What is Alternative Dispute Resolution (ADR)?
What is Litigation?
A person, company or Government can be a party in civil litigation proceedings. A party may either be the complainant who is bringing forth an action to protect their civil rights or a defendant who will respond to the arguments raised by the complainant. During the court of civil litigation, each party will present their case to the court so that the judge can establish if either party has had their civil rights breached. After considering all evidence and hearing the arguments from both parties the judge will consider if there has been a breach of any civil rights. The judge will then apply the appropriate remedy or compensation to the party that has had their civil rights infringed. If the complainant is successful then judgment will be given in the complainant’s favour. The judge may also apply various court orders to either enforce a right, award damages or impose injunctions (to prevent or compel an act).
There are applicable cost orders that the judge may consider after deciding the outcome of the case. The judge may order that the losing party will pay the costs of the bringing the action to court to the winning party. This is usually for expenses that the party had to incur because of the whole process of litigation, such as for the preparation of the case and any solicitors or barristers fees. These costs tend to be separate from the amount that the judge will order the losing party to pay the winning party as a result of the judgment. The costs involved with the preparation of the bringing the case to court can therefore sometimes be substantial depending on the number of documents involved, the time spent and the complexity of the case. It is therefore important to bear this in mind when considering whether to bring a claim.
What is Alternative Dispute Resolution? – (ADR)
Civil litigation may therefore involve alternative dispute resolution. The cost of litigation can be significantly high depending on various factors involved in the case. There is therefore another form of dispute resolution known as ‘Alternative Dispute Resolution’ more commonly referred to as ADR. ADR is a method which aims to relieve the problems between the parties but seeks to minimise the costs involved by avoiding expensive court costs. ADR has therefore been used as a collective term for the ways in which parties can settle disputes and is an alternative to a formal court hearing or litigation. The most common forms of ADR include mediation and arbitration.
What is Arbitration?
Arbitration is a legal process which avoids the use of a court judge but at the same time still allows for the issuing of an award to the party who has had their civil rights infringed. The parties to a dispute are referred to one or more persons known as ‘arbitrators’. In arbitration, an arbitrator will assist the two parties in reaching some form of an agreement. The arbitrator will review the case and then impose a decision that is legally binding for both sides. Arbitration is therefore distinct from other forms of alternative dispute resolution that are not binding in nature. The process is similar to mediation in nature but the primary distinction is that the where the mediator aims to reach a compromise between the two, any decisions made are not legally binding.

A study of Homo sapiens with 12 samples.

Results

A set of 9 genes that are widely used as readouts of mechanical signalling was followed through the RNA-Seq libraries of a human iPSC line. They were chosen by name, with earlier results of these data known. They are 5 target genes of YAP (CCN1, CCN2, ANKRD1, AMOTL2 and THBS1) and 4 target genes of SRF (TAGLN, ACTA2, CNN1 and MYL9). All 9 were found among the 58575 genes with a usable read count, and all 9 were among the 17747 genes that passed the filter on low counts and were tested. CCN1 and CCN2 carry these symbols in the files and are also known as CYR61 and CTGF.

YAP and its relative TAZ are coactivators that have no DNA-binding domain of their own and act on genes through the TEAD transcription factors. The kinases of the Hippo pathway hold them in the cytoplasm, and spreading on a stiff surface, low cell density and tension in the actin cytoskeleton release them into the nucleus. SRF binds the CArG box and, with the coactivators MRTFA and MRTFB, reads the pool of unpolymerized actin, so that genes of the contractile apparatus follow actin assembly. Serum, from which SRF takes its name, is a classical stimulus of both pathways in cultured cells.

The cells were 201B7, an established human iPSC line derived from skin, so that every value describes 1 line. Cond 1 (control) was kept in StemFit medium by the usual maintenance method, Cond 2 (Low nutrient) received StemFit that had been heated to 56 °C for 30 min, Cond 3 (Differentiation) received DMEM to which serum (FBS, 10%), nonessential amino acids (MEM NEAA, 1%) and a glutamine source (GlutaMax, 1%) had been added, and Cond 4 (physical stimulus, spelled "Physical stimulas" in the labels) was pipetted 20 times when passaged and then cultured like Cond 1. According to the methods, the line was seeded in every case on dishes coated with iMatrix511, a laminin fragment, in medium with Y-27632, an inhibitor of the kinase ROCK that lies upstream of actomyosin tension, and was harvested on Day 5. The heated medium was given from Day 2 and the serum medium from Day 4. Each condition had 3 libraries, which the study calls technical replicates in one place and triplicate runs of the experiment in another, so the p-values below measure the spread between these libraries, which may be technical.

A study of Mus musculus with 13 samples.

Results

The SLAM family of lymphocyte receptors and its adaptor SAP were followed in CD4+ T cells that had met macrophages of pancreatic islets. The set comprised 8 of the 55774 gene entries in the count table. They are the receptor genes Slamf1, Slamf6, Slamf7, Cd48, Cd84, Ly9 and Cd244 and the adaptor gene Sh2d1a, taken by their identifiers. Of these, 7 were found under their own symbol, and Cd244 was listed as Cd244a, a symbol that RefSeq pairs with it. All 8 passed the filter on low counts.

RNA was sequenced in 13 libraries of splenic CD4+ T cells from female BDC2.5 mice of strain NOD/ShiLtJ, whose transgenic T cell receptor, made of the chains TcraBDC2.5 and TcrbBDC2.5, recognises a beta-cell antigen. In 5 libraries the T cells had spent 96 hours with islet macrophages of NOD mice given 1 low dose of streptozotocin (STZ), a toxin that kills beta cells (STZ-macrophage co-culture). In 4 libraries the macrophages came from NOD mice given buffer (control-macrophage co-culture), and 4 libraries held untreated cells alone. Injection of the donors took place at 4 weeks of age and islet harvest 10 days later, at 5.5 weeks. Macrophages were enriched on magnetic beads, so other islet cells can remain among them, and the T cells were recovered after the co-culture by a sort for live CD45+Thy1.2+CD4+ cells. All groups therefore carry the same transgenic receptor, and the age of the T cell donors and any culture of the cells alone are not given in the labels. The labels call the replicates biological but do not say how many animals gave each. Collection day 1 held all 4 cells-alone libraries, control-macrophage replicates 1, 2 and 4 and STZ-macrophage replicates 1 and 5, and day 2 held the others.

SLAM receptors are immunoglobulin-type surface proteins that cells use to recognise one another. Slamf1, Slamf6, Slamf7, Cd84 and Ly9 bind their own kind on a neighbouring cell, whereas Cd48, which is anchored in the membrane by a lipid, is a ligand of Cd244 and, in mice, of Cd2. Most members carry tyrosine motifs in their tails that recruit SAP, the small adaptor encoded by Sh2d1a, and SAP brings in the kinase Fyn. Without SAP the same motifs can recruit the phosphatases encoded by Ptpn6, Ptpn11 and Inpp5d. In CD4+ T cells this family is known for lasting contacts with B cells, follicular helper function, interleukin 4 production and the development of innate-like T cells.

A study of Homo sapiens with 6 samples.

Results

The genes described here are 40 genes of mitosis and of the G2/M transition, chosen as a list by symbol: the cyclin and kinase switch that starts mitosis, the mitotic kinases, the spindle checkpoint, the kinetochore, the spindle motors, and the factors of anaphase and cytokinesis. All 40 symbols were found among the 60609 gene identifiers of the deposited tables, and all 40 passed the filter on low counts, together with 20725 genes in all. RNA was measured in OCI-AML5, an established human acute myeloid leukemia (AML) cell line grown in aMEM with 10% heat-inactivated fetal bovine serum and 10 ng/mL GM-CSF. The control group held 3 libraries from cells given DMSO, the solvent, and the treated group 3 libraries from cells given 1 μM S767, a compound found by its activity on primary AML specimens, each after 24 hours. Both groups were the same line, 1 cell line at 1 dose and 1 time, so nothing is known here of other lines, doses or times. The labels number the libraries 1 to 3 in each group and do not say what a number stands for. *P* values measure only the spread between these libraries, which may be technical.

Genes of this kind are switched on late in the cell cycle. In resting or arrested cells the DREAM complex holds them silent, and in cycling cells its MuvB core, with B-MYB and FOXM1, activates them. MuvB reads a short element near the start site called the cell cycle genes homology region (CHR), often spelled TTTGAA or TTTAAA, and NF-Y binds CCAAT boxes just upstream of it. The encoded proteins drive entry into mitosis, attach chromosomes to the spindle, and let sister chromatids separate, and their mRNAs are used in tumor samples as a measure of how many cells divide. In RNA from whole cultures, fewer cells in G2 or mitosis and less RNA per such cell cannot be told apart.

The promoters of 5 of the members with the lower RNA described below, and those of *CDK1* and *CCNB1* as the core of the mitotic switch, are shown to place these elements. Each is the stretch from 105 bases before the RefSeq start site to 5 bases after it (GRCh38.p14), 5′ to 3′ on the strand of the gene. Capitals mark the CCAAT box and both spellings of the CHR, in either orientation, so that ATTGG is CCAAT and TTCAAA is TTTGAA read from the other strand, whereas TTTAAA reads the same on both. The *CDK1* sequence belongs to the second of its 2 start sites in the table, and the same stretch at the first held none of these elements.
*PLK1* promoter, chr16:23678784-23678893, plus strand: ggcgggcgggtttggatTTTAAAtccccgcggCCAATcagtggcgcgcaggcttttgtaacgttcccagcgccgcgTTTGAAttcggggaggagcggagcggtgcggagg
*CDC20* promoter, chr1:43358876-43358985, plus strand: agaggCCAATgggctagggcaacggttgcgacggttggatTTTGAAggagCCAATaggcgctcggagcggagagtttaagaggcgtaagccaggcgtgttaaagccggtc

Arbitration is governed by the Arbitration Ordinance (Cap 341). It is common that the parties have already agreed to this process under a clause contained in the commercial contract. Arbitration can only take place if the two parties agree to it, hence, in signing the contract, the parties have already agreed that their dispute will not be heard by judge in court but by an arbitrator. The decision of the arbitrator is final and can only be challenged in exceptional circumstances.
The Advantages of Arbitration
Arbitration is sometimes favoured over court proceedings because the process tends to be faster than if the case were to go to court. The arbitrator may also have a greater degree of expertise in the area that is under dispute. It is favoured as a form of dispute resolution because it tends to be cheaper and more flexible for the two parties that are involved. Arbitration also allows for matters to remain confidential and can sometimes preserve the business relations between the two parties.
The Disadvantages of Arbitration
Arbitration is in a way much like litigation in that final decisions are binding. However, much like litigation, the case can become highly complex. It can also be a slow process when there is a panel of arbitrators. Like litigation, it can also get costly when there are more arbitrators. An arbitrator may also make the award on the broad principles of ‘equity’ and ‘justice’ and not the rule of law or evidence.
What is Mediation?
Mediation is a form of alternative dispute resolution and it is the form of ADR that is recommended by the judiciary. Mediation is also completely voluntary. The process is also more flexible and it is for the parties to decide whether to settle and on what terms. A settlement after mediation produces an agreement as opposed to an enforceable award in arbitration. The mediator acts as a neutral third party that assists both parties whilst at the same time they remain in control of the whole process.
The Civil Justice Reforms in April 2009 placed emphasis on solving disputes without the need to go to court. This has therefore placed greater emphasis on the process of mediation. There have also been changes to both the rules of the High Court and rules of the District Court to reflect the new reform. Mediation is a favourable method of ADR because it tends to allow for a win-win situation, there does not necessarily have to be a winning and losing party in the dispute. The two parties may be happy with the outcome and able to maintain business relations with one another.